By Black Country Bugle  |  Posted: March 24, 2014

  • The biscuit tin that was returned to West Bromwich with Norman's personal affects


But tours of duty during the war weren't always as long as the one Joseph Jones experienced, and Mrs. Shirley Caulfield has provided us with a heart wrenching account from the war, the story of her uncle, Private Cedric Norman Bunn from West Bromwich, who served with the 1st Bn., Sherwood Foresters (Notts & Derby Regt) and whose tour of duty lasted for just 16 days.

With all the moving stories we have received from Bugle readers regarding the Great War, everyone of which has been a privilege to publish, each has been a unique account from an age far removed from the one we live in today, and the temptation to include every detail of the lives of these young men after they left the relative safety of their homes and families to fight for King and Country, has been difficult to resist.

But from all the tales of courage, endeavour, fortitude and valour we have published so far, each one has a particular something that tugs at the heart strings, and Norman Bunn's story is no exception.

One of the most poignant Great War artifacts the Black Country Bugle has ever had the privilege to handle was brought in by Shirley, a simple biscuit tin, but one that is tinged with great sadness.

Norman's family had dispatched it to France to arrive in time for his 20th birthday, a treat of biscuits and sweets. Tragically he never received it. Just days before his birthday he was involved in the great push against the Germans in the spring of 1918 and was killed in action on Sunday, March 24.

The tin was returned to the family home in West Bromwich soon afterwards, but the sadness was compounded as it contained Norman's personal effects, including his leather wallet and the photograph of his 'girl', Dora, which was always close to his heart.

Extracts from the letters that Norman sent back to his family form the crux of this story, and after enlisting on October 31, 1917, followed by a period of training, Norman arrived in France on Friday March 8, 1918, from where he wrote the following letter to his mom.

"Dear Mother, I came over this morning on the Royal Mail steamer 'Victoria', starting from Folkestone about 9 and landing at Boulogne about 11, but I was not seasick.

"P.S. You may let Dora see this ....tell her I shall drop her a line soon. Coming through the town I saw two women with knickerbockers on. I had to look at them twice as I thought they were boys at first look. We are off today Saturday for Calais by train to do a bit of training, and when we move from there it will up to the lines."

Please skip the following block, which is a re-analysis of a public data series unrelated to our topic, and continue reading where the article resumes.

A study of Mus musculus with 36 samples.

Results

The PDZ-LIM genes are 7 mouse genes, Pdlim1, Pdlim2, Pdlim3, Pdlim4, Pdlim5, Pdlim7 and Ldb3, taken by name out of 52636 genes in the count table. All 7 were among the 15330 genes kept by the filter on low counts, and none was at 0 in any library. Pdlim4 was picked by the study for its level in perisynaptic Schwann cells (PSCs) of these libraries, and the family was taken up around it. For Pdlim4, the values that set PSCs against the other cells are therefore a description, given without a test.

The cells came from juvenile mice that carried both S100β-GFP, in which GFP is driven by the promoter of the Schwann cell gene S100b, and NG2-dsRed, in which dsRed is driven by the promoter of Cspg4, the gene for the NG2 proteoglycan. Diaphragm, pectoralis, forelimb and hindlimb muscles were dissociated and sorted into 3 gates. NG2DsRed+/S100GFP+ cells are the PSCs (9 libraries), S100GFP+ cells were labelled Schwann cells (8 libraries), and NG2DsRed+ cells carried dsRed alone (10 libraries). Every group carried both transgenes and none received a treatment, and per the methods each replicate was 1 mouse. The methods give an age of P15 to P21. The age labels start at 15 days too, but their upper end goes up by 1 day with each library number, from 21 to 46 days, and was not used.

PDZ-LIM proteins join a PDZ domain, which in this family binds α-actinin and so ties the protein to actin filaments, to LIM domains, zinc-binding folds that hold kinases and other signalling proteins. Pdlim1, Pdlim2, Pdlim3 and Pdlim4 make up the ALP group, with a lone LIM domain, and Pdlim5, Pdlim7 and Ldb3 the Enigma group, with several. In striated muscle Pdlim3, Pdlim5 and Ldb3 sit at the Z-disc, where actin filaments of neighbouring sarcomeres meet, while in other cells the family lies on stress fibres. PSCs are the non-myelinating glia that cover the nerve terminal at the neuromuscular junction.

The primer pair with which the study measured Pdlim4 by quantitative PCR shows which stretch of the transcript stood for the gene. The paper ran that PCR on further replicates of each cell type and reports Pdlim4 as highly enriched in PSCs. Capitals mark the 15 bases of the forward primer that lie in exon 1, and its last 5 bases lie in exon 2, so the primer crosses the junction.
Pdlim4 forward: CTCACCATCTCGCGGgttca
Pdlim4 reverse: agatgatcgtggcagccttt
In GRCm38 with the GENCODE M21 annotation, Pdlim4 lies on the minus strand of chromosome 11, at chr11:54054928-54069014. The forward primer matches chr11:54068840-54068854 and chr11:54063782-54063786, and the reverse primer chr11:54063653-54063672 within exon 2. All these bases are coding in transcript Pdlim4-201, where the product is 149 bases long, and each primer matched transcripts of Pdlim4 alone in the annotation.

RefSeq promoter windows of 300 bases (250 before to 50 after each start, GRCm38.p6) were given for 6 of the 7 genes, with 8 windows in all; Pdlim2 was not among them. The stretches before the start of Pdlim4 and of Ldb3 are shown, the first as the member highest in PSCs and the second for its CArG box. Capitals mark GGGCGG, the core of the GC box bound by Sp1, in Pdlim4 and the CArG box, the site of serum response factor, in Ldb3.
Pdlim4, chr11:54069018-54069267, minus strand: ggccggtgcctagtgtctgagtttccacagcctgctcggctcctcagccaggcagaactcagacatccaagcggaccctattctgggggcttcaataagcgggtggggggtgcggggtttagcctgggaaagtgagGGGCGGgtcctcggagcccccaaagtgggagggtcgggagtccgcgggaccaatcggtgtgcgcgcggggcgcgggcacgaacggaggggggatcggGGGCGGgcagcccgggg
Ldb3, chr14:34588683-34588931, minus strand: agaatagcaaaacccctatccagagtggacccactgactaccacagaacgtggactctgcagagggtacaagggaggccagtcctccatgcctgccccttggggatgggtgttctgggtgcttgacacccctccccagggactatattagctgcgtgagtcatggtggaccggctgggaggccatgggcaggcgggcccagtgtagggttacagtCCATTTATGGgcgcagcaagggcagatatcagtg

In civilian life Norman had worked at Mr. Wones, the printer in Walsall Street and was a regular attendant at the Queen Street Primitive Methodist Church and Sunday School, where he was very well respected. He also earned respect from his officers and comrades in the regiment and in the end was noted for his courageous and unselfish spirit.

On Thursday March 21, Norman again put pencil to paper. "Dear Mother, I am writing a few lines to let you know that I am still getting on pretty well at present. I hope you are all in good health at home and remember me to grandmother. I hope she is still as well as it is possible to be at these times. I think this is all for the time being, so will close with love to all and remember me to Stanley and Arthur, your loving son Norman x x x x." That was the last time Norman was able to write home. A hand written note was delivered to the family home from the 'Field', dated April 4, from an officer named Harrison of the 1st Bn. Sherwood Foresters.

"Dear Madam. It is with deep regret that I have to inform you of the death of your son No. 96655 Pte. C. N. Bunn who was killed in action on the March 24, 1918. The sympathy of his comrades and officers is extended to you in your bereavement."

Two weeks later another letter dated April 15, arrived in West Bromwich from the garrison chaplain.

"Dear Madam, In reply to your inquiry regarding the death of your son No. 96655 Pte. N. Bunn. I write to inform you that he was killed in the line at a village named St. Christ, now in the hands of the Germans, and that he was buried there by his comrades before they returned from the village. I regret to inform you that no further information is at hand, and close with deepest sympathy from those of his comrades who are left."

The history books tell us that on the evening of March 23, 1918, Pte. Norman Bunn's unit was in a defensive position near the village of St Christ on the west bank of the River Somme. During the night the Germans attacked the bridge spanning the river, but were repulsed by 'A' and 'B' Companies. During this attack Norman was killed.

Thirty years ago a Kingswinford teacher, Mrs. Bronwyn Kerss, working on behalf of Norman's family, tried to find out more information about his final resting place from the Commonwealth War Graves Commission. In a letter dated April 15, 1986, the Commission replied. "After the war the Army Graves Service were unable to locate Norman's grave at St Christ, and he is therefore commemorated, by name, on the Pozieres Memorial, near Albert in France."

The response so far from readers to our request for Great War stories has been tremendous and we look forward to publishing more in the coming weeks.